West Virginia’s players in the abortion debate weigh-in on Talkline

CHARLESTON, W.Va. — The two sides of the abortion issue in West Virginia, like the rest of the country, watched the arguments before the Supreme Court of the United States this week with great interest. The court heard arguments and will take under advisement a challenge to a Mississippi law which forbids an abortion of any kind after a 15th week of pregnancy.

The questions from the Conservative Justices was bothersome for Margaret Chapman Pomponio, Executive Director of West Virginia FREE.

 

“I was very troubled,  but not surprised by the discussion and the questioning the newly appointed Justices pursued in terms of their refusal to recognize abortion as a Constitutional right,” she said.

The high court’s decision on the matter, which isn’t expected to come out until sometime next year, will be closely watched and scrutinized. It carries the potential to overturn the longstanding Roe v. Wade decision of 1973. That ruling legalized abortion nationwide. Many court observes think a reversal of the highly controversial opinion is likely given the court’s current makeup.

Such a change is the fervent hope of Wanda Franz of West Virginians for Life who believed such action is inevitable.

“I think obviously what we want is to overturn Roe, but I believe upholding the Mississippi case will be a step in the direction of undermining the premise upon which Roe is based,” she said.

Both women appeared separately to offer their observations on MetroNews Talkline Thursday.

 

Pomponio said over the course of time, the right to an abortion, even with Roe v. Wade still the law of the land, has been largely eroded. She predicted if the ruling reverses Roe it could be extremely harmful to West Virginia women in poverty.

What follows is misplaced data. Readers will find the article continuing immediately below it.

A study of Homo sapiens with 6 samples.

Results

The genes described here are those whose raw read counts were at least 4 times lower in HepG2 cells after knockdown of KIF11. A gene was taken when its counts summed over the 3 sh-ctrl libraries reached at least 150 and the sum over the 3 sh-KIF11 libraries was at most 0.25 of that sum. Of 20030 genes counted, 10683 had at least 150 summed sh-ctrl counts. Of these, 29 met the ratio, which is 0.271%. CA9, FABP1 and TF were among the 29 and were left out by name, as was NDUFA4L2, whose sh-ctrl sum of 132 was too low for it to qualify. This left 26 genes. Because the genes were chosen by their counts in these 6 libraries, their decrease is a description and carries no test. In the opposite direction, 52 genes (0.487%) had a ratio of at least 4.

“We have incredibly high poverty in West Virginia and a foster care crises and we’re having real difficulty taking care of the babies we have here. It doesn’t make any sense to try to make it harder for women to manage their own fertility and decisions about pregnancy,” she said.

But Franz said the Supreme Court got it wrong in 1973. It’s unclear if the Court would overturn Roe or just uphold the Mississippi law. According to Franz, even if a decision didn’t nullify the Roe v. Wade ruling, it would go a long way toward making the change.

“It was erroneously decided. We don’t believe there’s a Constitutional right to an abortion. We believe the right to life of the unborn baby is what is recognized in the Constitution,” she explained.

West Virginia already has a law on the books which makes it a crime to perform an abortion. The law states  “any person who shall administer to” an abortion “shall be guilty of a felony” punishable by three to ten years in prison. If a woman dies during an illegal abortion, the abortionist could be convicted of murder.

There is considerable debate among West Virginia legal scholars whether the law would become the new governance if the federal Roe decision is overturned. However, even though it was nullified by the 1973 opinion, it has stayed on the books all these years. Several attempts to have it removed were futile.

“The legislators of the state of West Virginia were unwilling to put their name on a pro-abortion position by removing that law. So, we’re one of I believe three states that never removed the legislation,” Franz said.

Just like Pomponio felt concerned and worried about the line of questioning from the Justices in Wednesday’s arguments, Franz was encouraged and hopeful.